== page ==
Ditched by allies, France and India to promote ‘truly multilateral’ order

The conversation came a day after France recalled its ambassadors from Washington DC and Canberra, in protest of Australia signing a multibillion-dollar nuclear submarines deal with the US and the US.

French foreign minister, Jean-Yves Le Drian and Indian Foreign minister Subrahmanyam Jaishankar
Jean-Yves Le Drian and Subrahmanyam Jaishankar

France will work with India to promote ‘truly multilateral’ world order. After a telephonic conversation between French foreign minister, Jean-Yves Le Drian and his Indian counterpart, Subrahmanyam Jaishankar, the French foreign ministry said the two ministers has agreed to strengthen their strategic partnership. This union will be “based on a relationship of political trust between two great sovereign nations of the Indo-Pacific”.

Working on a common programme to develop a truly multilateral international order was Jaishankar’s idea, to which the French minister said he agrees on. The two ministers agreed to meet on sidelines of the United Nations General Assembly, next week in New York to discuss the same.

EAM Subrahmanyam Jaishankar, in a tweet, said, “Discussed recent developments in the Indo-Pacific and Afghanistan with my friend FM @JY_LeDria. Looking forward to our New York meeting”.

The conversation came a day after the French government recalled its ambassadors from Washington DC and Canberra, in protest of Australia signing a multibillion-dollar nuclear submarines deal with the US and the US at the expense of France. Australia was earlier expected to sign a deal of building 12 conventional submarines with the French company — the Naval Group.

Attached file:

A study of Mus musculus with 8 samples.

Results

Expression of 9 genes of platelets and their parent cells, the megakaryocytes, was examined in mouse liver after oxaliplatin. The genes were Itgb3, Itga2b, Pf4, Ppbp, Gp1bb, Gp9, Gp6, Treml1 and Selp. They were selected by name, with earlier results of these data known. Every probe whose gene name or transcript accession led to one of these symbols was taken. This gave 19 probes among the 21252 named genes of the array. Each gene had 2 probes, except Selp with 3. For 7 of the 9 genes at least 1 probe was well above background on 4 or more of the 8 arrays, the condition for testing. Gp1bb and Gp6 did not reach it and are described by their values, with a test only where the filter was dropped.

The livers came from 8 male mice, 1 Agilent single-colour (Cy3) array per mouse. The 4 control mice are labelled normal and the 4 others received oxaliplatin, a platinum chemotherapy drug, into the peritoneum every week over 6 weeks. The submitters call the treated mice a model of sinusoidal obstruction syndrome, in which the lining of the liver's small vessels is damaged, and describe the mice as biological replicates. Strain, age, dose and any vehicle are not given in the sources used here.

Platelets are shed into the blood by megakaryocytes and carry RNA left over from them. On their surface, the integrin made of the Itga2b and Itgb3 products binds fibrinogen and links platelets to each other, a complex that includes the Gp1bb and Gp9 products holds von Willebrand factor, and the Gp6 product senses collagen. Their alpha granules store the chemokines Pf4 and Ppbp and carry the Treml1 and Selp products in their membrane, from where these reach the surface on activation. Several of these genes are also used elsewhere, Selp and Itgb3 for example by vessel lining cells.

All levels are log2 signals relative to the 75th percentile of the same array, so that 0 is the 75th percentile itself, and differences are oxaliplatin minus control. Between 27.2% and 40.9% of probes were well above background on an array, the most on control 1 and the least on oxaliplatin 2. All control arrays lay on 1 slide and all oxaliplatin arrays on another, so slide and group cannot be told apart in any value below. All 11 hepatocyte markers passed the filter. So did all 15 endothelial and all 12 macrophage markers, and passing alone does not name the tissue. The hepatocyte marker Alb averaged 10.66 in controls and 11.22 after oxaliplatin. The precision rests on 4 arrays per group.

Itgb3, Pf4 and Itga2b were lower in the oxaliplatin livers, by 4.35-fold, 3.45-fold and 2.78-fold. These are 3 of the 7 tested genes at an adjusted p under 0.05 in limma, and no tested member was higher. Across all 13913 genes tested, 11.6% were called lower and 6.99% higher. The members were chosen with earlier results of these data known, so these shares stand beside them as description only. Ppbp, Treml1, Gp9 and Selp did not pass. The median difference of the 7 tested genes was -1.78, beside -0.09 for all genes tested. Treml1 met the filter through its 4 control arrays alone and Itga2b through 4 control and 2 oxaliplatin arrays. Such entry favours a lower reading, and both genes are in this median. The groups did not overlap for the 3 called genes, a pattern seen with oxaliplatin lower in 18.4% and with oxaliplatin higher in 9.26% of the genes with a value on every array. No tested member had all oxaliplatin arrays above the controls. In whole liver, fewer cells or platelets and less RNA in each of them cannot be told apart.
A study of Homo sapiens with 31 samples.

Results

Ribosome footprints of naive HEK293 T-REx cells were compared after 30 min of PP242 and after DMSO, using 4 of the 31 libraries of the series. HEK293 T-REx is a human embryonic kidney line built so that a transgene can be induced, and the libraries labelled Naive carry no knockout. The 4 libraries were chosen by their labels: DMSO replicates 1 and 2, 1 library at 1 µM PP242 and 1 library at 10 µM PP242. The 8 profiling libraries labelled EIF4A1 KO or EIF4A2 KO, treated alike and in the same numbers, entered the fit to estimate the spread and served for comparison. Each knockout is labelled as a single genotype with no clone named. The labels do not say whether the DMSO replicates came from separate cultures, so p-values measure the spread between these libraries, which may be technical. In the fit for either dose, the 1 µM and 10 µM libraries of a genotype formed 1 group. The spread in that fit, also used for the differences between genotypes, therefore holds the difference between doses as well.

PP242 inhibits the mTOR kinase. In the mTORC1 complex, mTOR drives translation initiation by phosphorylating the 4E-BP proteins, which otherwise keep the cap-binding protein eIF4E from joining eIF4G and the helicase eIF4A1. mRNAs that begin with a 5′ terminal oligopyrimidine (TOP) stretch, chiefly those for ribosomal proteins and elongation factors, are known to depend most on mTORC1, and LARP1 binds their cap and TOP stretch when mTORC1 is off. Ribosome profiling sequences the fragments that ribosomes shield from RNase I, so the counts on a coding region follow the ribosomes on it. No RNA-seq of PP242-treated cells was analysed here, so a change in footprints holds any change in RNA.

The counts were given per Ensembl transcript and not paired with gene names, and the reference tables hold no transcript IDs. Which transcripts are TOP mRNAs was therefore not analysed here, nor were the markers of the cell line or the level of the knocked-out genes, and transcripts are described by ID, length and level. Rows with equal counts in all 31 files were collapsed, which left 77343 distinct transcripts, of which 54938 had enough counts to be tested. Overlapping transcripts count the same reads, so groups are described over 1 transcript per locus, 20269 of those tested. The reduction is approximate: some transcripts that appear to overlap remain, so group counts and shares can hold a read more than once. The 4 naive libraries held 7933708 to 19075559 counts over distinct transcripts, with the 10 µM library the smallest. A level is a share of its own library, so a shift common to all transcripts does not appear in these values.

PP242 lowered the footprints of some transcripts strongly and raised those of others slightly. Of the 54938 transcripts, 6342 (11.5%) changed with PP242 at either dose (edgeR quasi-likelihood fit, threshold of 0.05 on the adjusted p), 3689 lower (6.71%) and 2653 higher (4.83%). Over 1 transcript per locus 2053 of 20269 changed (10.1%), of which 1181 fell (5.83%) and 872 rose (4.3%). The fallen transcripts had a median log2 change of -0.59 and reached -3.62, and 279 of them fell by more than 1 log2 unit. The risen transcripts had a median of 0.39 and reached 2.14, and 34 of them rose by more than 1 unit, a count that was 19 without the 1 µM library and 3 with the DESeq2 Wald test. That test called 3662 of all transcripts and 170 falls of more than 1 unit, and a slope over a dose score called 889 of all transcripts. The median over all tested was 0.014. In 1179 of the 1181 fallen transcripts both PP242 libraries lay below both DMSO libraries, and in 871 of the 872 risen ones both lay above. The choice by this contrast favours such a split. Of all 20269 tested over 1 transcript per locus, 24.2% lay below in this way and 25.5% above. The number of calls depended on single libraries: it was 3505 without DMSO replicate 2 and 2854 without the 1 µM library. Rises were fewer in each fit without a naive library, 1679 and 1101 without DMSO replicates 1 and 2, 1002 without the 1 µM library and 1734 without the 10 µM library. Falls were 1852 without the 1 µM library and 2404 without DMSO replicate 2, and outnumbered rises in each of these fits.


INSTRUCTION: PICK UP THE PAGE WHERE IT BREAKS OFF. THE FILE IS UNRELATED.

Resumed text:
Paris is also furious about its exclusion from the trilateral security alliance among the US, the UK and Australia. India has yet not commented on this newly-formed security partnership — AUKUS that holds immense importance in the Indo-Pacific.

A White House official said on Friday that the US regrets France’s decision to recall its ambassadors and will reach out to the French leadership to resolve differences between the two countries.

Australia also regretted France’s decision, adding that it “values its relationship with France” and will continue to work with with Paris on various other issues. “Australia understands France’s deep disappointment with our decision, which was taken in accordance with our clear and communicated national security interests,” said a spokesperson for Australia’s foreign minister, Marise Payne.